Before starting a new crochet project, it's always a smart idea to look at the project level so you know if you're prepared to work through the pattern. The crochet skill level tells you how difficult a pattern is, which is helpful no matter how long you've been crocheting.
All of the free crochet patterns offered on The Spruce Crafts tell what you should know before you begin. Plus, you can find lots of tutorials for stitches and special methods so you feel confident and ready to crochet!
Patterns follow the Craft Yarn Council's guidelines for crochet skill levels, with some overlap between them. We have patterns categorized by skill levels, plus many of the patterns list when there is overlap. For example, if a pattern lists that it's easy to intermediate, that means it's mostly easy but does include a small amount of intermediate technique. These projects are a good way for you to stretch yourself as you learn.
At any skill level, when a pattern uses a particular stitch or technique, the pattern usually links to resources to help you if it's unfamiliar, and sometimes the instructions are right there in the tutorial. Never tried a front post double crochet (FPDC) before? Don't worry! When you're learning Celtic weave stitch, you'll see the FPDC process from start to finish.
From absolute beginner to the most advanced patterns, you'll always know what to expect before jumping in. Not sure which level is right for you? This guide is here to help.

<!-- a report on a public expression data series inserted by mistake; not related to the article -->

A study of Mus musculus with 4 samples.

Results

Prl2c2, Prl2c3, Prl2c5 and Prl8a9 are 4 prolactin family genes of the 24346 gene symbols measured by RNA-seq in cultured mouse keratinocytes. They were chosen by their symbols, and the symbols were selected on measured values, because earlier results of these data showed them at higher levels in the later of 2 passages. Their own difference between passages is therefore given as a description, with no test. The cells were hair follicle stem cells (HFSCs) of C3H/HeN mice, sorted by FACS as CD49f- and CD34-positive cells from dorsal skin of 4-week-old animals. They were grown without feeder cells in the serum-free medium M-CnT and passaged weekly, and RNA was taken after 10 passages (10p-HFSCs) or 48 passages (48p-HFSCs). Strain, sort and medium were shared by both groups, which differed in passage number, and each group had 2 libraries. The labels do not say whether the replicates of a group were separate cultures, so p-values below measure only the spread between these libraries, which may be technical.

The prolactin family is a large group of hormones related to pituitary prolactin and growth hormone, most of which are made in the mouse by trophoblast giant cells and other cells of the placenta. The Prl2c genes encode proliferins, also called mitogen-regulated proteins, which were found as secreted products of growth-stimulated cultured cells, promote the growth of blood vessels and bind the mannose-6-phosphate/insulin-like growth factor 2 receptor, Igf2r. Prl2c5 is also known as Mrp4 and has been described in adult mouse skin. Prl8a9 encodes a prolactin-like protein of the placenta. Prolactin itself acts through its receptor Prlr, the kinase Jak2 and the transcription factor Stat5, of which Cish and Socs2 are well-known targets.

Patterns in the beginner category use introductory stitches like single, double, and triple crochet. They also use basics like a slip knot, chain stitches, and slip stitches. Some may also have simple increases and decreases.
Beginner patterns are great for a first project because you usually only need to learn one stitch and the basics of crochet. Sometimes when learning a new skill it feels like it will take a while before you can make something useful, but these patterns prove otherwise. Practice with a swatch and then watch yourself make something great!
Also in the beginner category, some patterns include the skill level easy. These patterns use basic stitches to form simple stitch patterns, such as V-stitch or shell stitch. Easy patterns sometimes involve some shaping or simple color changes too.
Sometimes you might hear of a pattern that's suitable for the confident beginner and that's where easy patterns come in. You might not be ready to add lots of new techniques into your crochet, but once you've made a project or two, you can tackle these.
For a pattern to fall into the intermediate section, it would include more involved stitch combinations like popcorn stitch or crocodile stitch. These designs could also involve colorwork (tapestry crochet) and more shaping.
Have you spotted something that has fun textures crocheted into the design? Or maybe a pattern that creates an image or design in the crochet? When you feel like you're ready for a small challenge, intermediate patterns let you show off your skills.
On occasion, a pattern might use materials that make it more challenging, but the stitches themselves are still easy. For example, you can crochet an octopus toy with basic stitches, but using fluffy yarn means you need to have a strong understanding of the stitches.
When a pattern is labeled as advanced, that means it has a combination of complicated stitches and charts, colorwork, and other complex techniques.
Advanced crochet patterns are certainly the most challenging. These are for crocheters who have been honing their craft and might even call themselves an expert. Patterns in this category might include crocheted doilies, intricate afghans, garments, and even very special amigurumi. They aren't for everyone, but they are good for when you are ready to see just how much you can accomplish with crochet.
No matter your skill level, you're sure to find plenty of patterns to crochet. And even if you're a higher level, you can still enjoy making easier designs. In fact, sometimes that's exactly what you need to relax as you pick up your hook!